In recent weeks, another TikTok trend has swept the world to the degree that even traditional media outlets have begun to cover it.
“How often do you think about the Roman Empire?”
This question is being posed by girlfriends and wives, who are shocked when the answer, more often than not, is “daily” or at least “once a week.”
The trend began in the United States, making the answers all the more surprising. Here in Israel, there are, of course, daily reminders of the empire that ruled this region for hundreds of years.
Jerusalem has no huge Roman structure, such as an amphitheater or a bathhouse. But if you know where to look, you’ll find clues about the Romans everywhere.
Most people who visit Jerusalem’s Old City for the first time will enter through the Jaffa Gate, which wasn’t constructed by the Romans but by the Ottoman Turks. However, just before the entrance to the gate, one of the stones in the wall provides a glimpse into the past.
If you look closely, you can see a stone with the inscription X ET. These mysterious letters are what is left of the original inscription LEG X FRET, pointing to the Roman Tenth Legion, Legio X. Fretensis.
Reminders of this legion, which garrisoned the Holy Land over hundreds of years, can be found in the most surprising places.
The Tenth Legion first came to the land of Israel as part of the Roman army led by emperor Vespasian, and later by his son Titus, to crush the Great Jewish Revolt (66–73 A.D.), the results of which can still be seen by visiting the ruins of Gamla in the Golan Heights, Herodion near Jerusalem and Masada near the Dead Sea, all sites that fell prey to the Tenth Legion.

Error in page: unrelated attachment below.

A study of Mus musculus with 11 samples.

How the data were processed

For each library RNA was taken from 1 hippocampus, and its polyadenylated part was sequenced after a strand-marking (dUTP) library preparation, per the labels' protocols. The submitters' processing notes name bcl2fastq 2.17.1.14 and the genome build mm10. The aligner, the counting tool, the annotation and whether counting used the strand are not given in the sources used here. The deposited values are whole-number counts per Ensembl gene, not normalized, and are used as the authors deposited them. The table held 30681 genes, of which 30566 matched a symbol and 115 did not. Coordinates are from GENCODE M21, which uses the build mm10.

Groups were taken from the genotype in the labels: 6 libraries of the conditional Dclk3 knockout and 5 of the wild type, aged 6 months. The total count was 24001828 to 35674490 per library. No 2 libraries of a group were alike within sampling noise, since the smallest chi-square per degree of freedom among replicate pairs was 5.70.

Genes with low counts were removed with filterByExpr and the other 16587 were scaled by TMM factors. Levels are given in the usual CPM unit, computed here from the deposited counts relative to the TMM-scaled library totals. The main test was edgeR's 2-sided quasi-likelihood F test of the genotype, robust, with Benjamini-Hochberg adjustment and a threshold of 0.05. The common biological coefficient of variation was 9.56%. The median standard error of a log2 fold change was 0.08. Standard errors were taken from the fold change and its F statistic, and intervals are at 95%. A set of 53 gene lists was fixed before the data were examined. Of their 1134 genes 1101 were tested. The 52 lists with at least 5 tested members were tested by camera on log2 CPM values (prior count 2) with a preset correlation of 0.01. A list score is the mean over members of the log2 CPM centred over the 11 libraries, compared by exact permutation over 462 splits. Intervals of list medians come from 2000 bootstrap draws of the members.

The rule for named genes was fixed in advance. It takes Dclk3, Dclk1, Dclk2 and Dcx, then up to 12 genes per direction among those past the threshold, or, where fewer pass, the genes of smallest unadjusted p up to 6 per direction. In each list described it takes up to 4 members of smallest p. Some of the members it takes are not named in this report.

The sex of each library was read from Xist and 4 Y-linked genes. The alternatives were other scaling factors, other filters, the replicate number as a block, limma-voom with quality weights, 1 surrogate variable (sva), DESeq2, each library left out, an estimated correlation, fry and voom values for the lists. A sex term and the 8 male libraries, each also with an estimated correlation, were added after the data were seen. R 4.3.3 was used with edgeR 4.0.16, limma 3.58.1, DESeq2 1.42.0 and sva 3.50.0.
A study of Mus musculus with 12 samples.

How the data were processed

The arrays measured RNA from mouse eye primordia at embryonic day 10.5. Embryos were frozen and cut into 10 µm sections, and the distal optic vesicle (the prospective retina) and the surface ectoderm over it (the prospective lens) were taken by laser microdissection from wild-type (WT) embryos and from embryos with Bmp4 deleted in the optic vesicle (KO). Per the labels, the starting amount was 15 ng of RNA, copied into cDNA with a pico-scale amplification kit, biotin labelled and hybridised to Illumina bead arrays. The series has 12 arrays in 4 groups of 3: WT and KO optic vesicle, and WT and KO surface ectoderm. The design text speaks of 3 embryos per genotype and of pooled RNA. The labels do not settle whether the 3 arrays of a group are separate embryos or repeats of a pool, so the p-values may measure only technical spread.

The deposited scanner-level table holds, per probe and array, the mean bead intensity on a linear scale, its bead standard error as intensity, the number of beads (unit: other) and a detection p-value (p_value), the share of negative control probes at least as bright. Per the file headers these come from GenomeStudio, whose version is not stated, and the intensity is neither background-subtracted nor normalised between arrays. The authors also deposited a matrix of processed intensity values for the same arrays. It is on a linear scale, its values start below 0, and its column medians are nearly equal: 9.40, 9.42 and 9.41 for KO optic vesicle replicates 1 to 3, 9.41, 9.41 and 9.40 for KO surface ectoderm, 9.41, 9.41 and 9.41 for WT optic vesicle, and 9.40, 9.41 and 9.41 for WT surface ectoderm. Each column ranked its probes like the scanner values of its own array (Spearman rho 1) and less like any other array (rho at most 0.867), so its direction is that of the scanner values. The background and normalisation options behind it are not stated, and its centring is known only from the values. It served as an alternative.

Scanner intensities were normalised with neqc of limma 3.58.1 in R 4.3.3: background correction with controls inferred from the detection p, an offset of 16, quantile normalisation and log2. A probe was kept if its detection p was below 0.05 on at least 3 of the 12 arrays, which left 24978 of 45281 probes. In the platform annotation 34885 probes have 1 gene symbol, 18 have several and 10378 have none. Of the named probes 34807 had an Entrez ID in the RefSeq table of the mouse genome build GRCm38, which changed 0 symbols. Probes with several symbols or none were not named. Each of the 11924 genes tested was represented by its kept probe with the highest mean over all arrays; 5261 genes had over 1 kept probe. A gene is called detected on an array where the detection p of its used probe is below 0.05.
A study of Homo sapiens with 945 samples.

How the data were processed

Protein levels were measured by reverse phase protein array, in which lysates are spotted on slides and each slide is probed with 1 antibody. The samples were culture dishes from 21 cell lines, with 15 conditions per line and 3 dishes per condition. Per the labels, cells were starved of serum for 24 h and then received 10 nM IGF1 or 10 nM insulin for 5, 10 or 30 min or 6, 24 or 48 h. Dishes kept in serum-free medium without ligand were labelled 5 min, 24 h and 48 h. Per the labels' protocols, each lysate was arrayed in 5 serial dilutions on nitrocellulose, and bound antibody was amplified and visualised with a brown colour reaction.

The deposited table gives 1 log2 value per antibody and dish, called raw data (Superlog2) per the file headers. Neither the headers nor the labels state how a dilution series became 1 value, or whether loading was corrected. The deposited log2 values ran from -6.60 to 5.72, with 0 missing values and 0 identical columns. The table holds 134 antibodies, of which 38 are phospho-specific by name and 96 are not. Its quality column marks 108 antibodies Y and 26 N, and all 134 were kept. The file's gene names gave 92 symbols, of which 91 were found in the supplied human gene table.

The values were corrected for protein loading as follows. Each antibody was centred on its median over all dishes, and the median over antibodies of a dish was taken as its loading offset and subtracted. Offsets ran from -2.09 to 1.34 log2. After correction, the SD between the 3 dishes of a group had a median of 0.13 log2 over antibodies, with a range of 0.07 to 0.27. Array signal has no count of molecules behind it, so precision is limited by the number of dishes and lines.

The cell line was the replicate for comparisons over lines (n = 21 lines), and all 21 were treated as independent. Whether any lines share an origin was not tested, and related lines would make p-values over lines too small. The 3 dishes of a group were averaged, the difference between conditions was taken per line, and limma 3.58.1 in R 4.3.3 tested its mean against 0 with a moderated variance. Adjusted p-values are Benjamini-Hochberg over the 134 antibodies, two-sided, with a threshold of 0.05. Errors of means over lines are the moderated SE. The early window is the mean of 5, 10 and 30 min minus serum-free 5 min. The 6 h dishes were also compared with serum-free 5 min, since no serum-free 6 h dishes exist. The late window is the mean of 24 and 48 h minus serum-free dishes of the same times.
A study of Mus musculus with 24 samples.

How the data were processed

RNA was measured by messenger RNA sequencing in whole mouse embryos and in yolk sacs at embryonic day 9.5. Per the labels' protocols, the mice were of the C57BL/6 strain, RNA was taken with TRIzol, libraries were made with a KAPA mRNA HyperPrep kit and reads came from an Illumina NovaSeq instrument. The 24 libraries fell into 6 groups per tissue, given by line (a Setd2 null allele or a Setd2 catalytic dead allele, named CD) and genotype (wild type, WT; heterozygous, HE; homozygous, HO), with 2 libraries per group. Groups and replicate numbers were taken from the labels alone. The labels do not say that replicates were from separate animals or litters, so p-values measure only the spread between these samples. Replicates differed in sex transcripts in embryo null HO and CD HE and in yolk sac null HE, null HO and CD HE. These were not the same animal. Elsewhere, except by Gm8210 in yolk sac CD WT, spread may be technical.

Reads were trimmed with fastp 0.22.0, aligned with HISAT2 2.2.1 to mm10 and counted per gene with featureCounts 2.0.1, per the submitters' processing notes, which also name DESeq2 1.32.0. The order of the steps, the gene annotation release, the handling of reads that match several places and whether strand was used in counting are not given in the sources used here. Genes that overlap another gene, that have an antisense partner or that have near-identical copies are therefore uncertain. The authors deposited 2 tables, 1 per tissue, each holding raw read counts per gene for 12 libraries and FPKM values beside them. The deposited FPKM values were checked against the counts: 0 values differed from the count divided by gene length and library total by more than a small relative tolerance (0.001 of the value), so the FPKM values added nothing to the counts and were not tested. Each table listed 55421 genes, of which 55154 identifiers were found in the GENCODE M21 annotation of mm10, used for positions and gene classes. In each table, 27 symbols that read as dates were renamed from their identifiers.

But Legio Fretensis left more subtle marks. Roman legions were well known for their building activities in times of peace, and the Tenth was very active in that regard.
It manufactured stones, bricks, pottery and roof tiles that were inscribed or stamped with the legion’s name and at times with one of its symbols, either a boar or a ship. These items were often reused in later centuries, thus ending up on the 16th-century city wall.
Another famous reminder of the legion can be found after entering the gate and then taking a left turn into the courtyard of the Imperial Hotel.
If you take a closer look at what seems to be just another lamp post, you will find that its base is actually a milestone erected by the Tenth Legion sometime around 200 A.D. In the inscription that honors the legion’s legate Marcus Junis Maximus, one can make out the letters 'LEG X FR.'
Other such stones can be found in situ throughout the city and the surrounding area, for example in the wall of the Crusader-era church in the Arab village of Abu Ghosh, while numerous examples made their way into The Israel Museum in Jerusalem.
In this way, the Roman Empire continues to be present throughout Israel’s landscape and in the minds of its residents, even without the need for silly TikTok trends.
Hanan Lischinsky has a Master’s degree in Middle East & Israel studies from Heidelberg University in Germany, where he spent part of his childhood and youth. He finished High School in Jerusalem and served in the IDF’s Intelligence Corps. Hanan and his wife live near Jerusalem, and he joined ALL ISRAEL NEWS in August 2022.